Friday, June 12, 2009

Have We Forgotten How To Listen? (Or Maybe We Just Never Learned...)

(special thanks to Kneale Mann for sending over this image...)

While having breakfast with my two friends, colleagues and blogmates - Ezra Cooperstein and Thor Clark - it dawned upon us that the mad dash for connectivity and conversation within social media has been roadblocked by one simple, undeniable fact: we don't really know how to listen.

Take Twitter for example. 

When you sign up for a Twitter account, you get the 20-person hit list of celebs that they suggest you should follow. Why? First of all, I don't give a shit about Ashton Kutcher (maybe because I'm 36 years old and straight - certainly no offense to my gay peeps). Secondly, most of these people don't actually listen or have substantive two-way conversations with their fan base. Ezra describes it as a "really loud chamber effect"... essentially, these people shout out relatively inane blurbs about God-knows-what, and to no one in particular. Third, if you look at the "subscriber funnel", you also find that the 90/10 rule which applies - in which 10% of the Twitter population generates 90% of the tweets - ignores the entire mid-tail of folks who actually have something of value to say.

Now, don't get me wrong - I find Twitter to be incredibly powerful and I use it often and with the best of intentions - but this really calls into question the social dynamics around how we listen, and why we should listen more carefully.

I think part of the problem, as articulated poorly in my previous post (sorry, that was a bit of mental masturbation...), is the fact that we're collectively still taking sides and operating in cliques. Let's face it, it ain't easy breaking into the Twitter mix, or to become a member of the "Twitterati" for that matter. 

The other issue is the sheer amount of content that is being slung around - creating a sensory overload of sorts. How can any of us listen, if we're too busy just trying to be heard?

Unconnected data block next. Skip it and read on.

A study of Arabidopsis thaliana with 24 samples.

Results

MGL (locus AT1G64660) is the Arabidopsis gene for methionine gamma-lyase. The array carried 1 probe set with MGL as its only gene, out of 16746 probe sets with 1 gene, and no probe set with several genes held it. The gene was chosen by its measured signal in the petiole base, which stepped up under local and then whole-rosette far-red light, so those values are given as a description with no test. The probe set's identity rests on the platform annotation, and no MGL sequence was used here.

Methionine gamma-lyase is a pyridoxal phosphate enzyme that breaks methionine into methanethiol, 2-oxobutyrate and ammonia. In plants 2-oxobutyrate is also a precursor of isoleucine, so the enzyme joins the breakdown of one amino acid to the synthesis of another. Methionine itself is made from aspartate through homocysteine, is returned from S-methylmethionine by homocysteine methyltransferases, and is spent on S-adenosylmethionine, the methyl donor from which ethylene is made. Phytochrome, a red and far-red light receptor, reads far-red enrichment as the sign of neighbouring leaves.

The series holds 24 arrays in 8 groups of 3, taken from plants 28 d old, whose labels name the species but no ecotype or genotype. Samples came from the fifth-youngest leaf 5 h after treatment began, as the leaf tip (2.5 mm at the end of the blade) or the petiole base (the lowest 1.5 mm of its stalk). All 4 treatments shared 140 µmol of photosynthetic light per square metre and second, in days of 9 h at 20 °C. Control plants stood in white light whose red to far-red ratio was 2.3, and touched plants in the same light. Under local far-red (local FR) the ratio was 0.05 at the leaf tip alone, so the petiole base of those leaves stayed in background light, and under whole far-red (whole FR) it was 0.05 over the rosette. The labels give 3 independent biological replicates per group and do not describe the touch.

Here are some considerations for improving this cultural deficiency:

- Listening more means learning more (duh...).

- We need to distinguish between what we hear and what has been said (don't dwell on the response before the statement is even finished - we are all guilty of this).

- Sit with your question(s); take the time to understand what is being said before you respond.

- Take the time to really get to know someone, even if it's virtual - do you want a relationship with a person, or a bot?

- Turn off the noise inside your head; interacting socially, even online, is somewhat of a meditative process - we need to be clear and authentic in our communication streams.

- Listening is more powerful than speaking. Really. 

I'm done talking. Say something, damnit.


laurentp said...

Let me meditate on that over the week end.
One of the problem with listening vs talking could come from the fact that, by design of mother nature, we can talk to many people at once but we can't listen to many people at once. If you're given 10 seconds and are asked to grab the attention of 100 gonna talk talk talk...hoping that what you say will resonate in 4-5 of them. Now reverse mother nature's gonna listen listen listen to the whole 100..and have grabbed the attention of all of them.

Gunther Sonnenfeld said...

Very salient point, Laurent... damnit, I should have been listening ;)

No, but seriously, it's true - how do we cut through the noise and keep our listening intact?